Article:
Organic Food, Pesticides, and Diabetes

Chances are, you’ve bought and eaten organic foods — as Amy Campbell noted in a blog entry here at a few years ago, about 70% of Americans buy organic foods on occasion, and about 25% of Americans buy them every week. But you may not know exactly what the “organic” label means (Campbell provides an explanation here), or what impact eating organic foods might have on your health. And, in fact, studies on the differences in health outcomes between conventional and organic foods have been somewhat limited.

But a new study involving young children may be helpful in showing some measurable differences between a conventional diet and an all-organic one. Published earlier this month in the journal Environmental Health Perspectives, the study recruited 40 Mexican-American children between the ages of three and six. Half of these children lived in a rural agricultural area of California, while the other half lived in urban Oakland. Each child and family was selected based on their cultural background, following a mostly conventional (non-organic) diet, and — for the 20 rural children — having a family member who worked in agriculture. Throughout the 16-day study, parents collected a first-in-morning urine sample from their children using a special collection device, and stored it in a special refrigerator.


According to a New York Times article on the study, for the first four days, each family ate the food it normally eats. For the next seven days, the family ate organic versions of the same food, with requested foods and ingredients provided by the study organizers. (Most of these organic foods came from the same grocery store where the family usually shopped.) Finally, the family returned to its regular diet for the last five days of the study.

Researchers were interested in finding out what effect, if any, following an organic diet had on the levels of certain pesticide byproducts found in the children’s urine. A total of 594 urine samples were tested for 13 different pesticide byproducts. Most of these byproducts were largely absent from most samples, but six of them were found in more than half of urine samples. Out of these six most common byproducts, one dropped by 49%, and another by 40%, during the phase when families followed an organic diet. Another, the byproduct of an herbicide, dropped by 25%. Other byproducts also saw smaller drops during this phase, but given the small size of the study, these drops weren’t statistically significant (meaning they could have occurred simply by chance). Perhaps not surprisingly, the rural children tended to have slightly higher levels of most pesticide byproducts.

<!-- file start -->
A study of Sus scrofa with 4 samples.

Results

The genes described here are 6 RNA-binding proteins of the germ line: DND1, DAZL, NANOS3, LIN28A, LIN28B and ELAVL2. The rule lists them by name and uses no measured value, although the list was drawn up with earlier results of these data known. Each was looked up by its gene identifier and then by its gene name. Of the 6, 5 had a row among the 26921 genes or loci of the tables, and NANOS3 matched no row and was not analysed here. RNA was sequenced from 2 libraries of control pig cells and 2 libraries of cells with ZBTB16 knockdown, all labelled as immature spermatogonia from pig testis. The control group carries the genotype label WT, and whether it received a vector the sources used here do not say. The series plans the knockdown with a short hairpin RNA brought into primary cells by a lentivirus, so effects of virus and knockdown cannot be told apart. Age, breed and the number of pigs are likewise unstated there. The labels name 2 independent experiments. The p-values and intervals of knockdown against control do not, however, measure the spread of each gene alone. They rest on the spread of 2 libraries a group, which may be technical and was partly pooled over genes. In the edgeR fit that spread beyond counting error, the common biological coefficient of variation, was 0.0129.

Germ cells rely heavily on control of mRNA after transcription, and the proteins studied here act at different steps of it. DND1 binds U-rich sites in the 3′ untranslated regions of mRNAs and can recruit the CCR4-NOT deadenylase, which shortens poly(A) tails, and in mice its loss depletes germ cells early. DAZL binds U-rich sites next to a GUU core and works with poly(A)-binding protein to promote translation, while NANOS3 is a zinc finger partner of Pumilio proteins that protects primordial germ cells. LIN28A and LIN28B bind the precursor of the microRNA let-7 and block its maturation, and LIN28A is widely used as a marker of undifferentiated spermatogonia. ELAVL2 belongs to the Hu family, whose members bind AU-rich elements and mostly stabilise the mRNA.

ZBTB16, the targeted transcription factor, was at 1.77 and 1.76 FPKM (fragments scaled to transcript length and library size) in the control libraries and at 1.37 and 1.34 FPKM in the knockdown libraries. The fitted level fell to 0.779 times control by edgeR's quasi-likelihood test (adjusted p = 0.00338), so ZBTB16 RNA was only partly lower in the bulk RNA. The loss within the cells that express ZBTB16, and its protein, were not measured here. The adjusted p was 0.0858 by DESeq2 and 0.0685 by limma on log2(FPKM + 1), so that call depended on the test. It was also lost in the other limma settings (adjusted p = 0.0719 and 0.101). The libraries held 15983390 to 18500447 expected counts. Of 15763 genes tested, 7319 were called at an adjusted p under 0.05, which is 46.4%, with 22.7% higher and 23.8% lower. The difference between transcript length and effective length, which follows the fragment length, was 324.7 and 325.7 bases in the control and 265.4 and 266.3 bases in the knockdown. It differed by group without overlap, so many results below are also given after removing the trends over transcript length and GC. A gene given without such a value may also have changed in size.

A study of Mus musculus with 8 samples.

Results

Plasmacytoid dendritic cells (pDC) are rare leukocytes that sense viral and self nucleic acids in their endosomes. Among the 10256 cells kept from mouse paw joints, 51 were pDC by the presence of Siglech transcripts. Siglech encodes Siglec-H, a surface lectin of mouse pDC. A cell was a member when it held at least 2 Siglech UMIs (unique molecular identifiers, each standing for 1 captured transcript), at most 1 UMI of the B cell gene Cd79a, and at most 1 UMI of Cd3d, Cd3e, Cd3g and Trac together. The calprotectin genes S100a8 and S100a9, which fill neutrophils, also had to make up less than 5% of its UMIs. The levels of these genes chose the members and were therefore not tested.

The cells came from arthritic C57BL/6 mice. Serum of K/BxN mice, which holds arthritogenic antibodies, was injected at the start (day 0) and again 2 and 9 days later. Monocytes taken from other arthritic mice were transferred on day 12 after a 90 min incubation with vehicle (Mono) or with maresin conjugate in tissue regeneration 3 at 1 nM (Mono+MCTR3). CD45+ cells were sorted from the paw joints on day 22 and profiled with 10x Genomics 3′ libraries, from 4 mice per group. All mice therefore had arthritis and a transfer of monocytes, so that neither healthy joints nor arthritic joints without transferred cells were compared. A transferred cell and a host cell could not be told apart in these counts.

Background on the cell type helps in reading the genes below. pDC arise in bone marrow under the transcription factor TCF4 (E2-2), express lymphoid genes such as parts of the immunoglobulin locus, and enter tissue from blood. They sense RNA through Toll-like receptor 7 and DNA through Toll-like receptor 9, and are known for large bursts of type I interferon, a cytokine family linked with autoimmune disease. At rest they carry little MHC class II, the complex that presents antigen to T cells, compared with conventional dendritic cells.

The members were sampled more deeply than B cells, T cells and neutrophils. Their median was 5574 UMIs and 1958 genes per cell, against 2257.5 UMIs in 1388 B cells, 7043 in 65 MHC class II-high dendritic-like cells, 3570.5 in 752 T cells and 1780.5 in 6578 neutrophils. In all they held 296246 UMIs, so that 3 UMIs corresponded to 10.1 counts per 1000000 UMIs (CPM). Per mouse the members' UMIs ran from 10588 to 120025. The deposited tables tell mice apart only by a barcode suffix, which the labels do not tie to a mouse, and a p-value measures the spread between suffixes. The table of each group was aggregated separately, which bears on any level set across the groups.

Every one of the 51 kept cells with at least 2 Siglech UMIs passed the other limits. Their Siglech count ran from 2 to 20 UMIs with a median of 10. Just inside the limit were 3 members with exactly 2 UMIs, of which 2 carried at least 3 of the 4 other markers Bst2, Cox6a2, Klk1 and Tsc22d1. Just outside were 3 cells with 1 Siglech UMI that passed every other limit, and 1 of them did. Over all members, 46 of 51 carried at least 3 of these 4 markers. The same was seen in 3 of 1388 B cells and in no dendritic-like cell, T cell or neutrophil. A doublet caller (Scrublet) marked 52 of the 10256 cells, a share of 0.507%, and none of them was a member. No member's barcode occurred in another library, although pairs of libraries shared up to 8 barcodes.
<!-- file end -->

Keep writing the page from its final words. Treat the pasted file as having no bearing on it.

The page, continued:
Of course, this study didn’t try — and wasn’t remotely long or large enough — to detect any effect following an organic diet might have on actual health outcomes, like the risk of developing certain diseases or of dying. Such a study would require thousands of participants, many of whom would need organic food provided for their families for years or even decades — so it’s unlikely to happen any time soon. But as we’ve noted before, there is strong evidence that exposure to pesticides can dramatically raise a person’s risk of developing Type 2 diabetes (among other health conditions, including cancer and heart disease). A key question is whether the amounts of pesticides found in the typical diet are enough to significantly raise the risk of any disease — and only a large-scale comparison of diets could answer that question.

What’s your take on this study — are you shocked that children can have measurable levels of pesticides in their bodies, or that an organic diet can reduce these levels by the amounts discovered? Do you worry about the impact pesticides might have, or have had, on your health? How often do you seek out organic foods? Why? Would you include more organic foods in your diet if you could afford to? Leave a comment below!